Video: Fury over sickening blackface skit performed at Belfast freemasons' hall
An investigation has been launched into a shocking 'blackface' stunt filmed in a masonic hall in Belfast.
The video has been met with outrage and widely condemned by local politicians.
The footage shows a man dressed in a controversial costume historically used as a caricature of a black person and now widely considered highly racist and offensive.
The video shows a man wearing a black face mask with white lips and eyes and a dark curly wig while dancing to the Al Jolson song I'm Sitting On Top Of The World.
Men can be seen watching the skit, with bottles and cans of beer on tables, and at one point one can be heard speaking in a Belfast accent.
American singer, comedian and actor Jolson was dubbed 'the king of blackface' performers in the early 20th century.
A source told the Belfast Telegraph that the video was recorded at The Glen Freemasons Hall in the Ligoniel area of the city two weeks ago.
The hall in the video matches a photograph of the interior of the same hall that can be found online.
After being sent a copy of the footage, Philip Daley, Grand Secretary of The Grand Lodge of Freemasons of Ireland, said it would be launching an inquiry. "Now that the matter has been brought to our attention we will investigate the incident," he added.
"We deplore racism and we have members of all races, colours and religions. We strongly oppose racism and from our earliest history have been an anti-racist organisation."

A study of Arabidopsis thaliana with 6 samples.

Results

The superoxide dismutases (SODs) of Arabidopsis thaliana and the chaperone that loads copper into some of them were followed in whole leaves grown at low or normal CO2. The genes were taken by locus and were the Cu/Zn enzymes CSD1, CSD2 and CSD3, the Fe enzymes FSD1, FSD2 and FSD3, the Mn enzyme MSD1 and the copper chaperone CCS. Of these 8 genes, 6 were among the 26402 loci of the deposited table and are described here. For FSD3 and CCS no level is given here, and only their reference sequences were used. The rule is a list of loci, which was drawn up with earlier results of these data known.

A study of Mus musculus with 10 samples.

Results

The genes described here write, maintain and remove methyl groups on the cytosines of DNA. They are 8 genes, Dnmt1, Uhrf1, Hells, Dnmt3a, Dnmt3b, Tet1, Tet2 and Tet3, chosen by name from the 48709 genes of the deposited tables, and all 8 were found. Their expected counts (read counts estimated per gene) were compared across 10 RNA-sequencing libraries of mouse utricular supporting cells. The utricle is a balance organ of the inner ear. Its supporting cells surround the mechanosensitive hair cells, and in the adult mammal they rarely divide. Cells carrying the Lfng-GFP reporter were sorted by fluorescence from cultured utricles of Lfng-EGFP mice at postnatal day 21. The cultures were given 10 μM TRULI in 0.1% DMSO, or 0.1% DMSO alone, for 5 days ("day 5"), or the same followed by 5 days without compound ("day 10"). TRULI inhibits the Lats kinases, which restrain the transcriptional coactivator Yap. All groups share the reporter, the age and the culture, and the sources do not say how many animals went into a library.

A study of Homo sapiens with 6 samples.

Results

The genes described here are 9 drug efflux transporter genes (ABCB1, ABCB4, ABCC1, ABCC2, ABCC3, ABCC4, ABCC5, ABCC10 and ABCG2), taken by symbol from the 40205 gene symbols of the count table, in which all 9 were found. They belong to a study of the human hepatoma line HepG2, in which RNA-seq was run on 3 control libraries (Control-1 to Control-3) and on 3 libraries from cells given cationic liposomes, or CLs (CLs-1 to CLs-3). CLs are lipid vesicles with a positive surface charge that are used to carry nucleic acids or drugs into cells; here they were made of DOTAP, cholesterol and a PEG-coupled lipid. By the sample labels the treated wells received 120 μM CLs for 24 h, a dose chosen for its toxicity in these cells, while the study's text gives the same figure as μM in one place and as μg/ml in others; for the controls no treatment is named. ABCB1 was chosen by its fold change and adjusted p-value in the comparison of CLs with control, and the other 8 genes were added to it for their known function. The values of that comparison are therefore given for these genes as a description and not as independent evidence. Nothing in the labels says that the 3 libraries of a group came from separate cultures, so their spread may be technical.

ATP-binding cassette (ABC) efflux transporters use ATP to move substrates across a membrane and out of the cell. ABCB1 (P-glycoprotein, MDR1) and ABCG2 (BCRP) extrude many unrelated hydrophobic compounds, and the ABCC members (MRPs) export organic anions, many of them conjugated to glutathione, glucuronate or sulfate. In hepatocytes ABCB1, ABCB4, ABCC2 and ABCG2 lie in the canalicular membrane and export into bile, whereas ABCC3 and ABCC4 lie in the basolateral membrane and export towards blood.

SDLP deputy leader Nichola Mallon, a former Belfast mayor and an MLA for the North Belfast constituency, which includes Ligoniel, said: "This video is shocking and appalling. It is sickening to see such blatant and deliberate racism and for it to be viewed as entertainment.
"It is a despicable display of prejudice and intolerance, and has no place in our society.
"This investigation needs to be robust, with decisive action taken against those involved."
Condemning the video, Alliance MLA Kellie Armstrong called the footage "disturbing".
"Questions need answered, such as do the Masons regularly engage in racist acts such as this, and why are people filming instead of reporting it?" she said.
"The police should investigate this incident urgently.
"This follows on from last year's incident in Newtownards, which saw a group of people dressed in KKK costumes, and showcases Northern Ireland in the worst possible light.
"Alliance called for a racial equality strategy during the recent talks because it is vital we have a society which is open and welcoming to all, regardless of their skin colour, background or anything else."
Patrick Corrigan of Amnesty International condemned the incident. He said: "This sort of obnoxious behaviour will rightly be considered deeply offensive by many people. The individual responsible should apologise.
"The Freemasons should use this incident as a learning opportunity and invite the local black and minority ethnic community to help with suitable cultural awareness training."
In a booklet called An Initial Guide to Freemasonry in Ireland, published by the Grand Lodge of Ireland in 2012, the organisation says "membership comprises men of all ages, races, colours, religions, political beliefs and financial or social standing".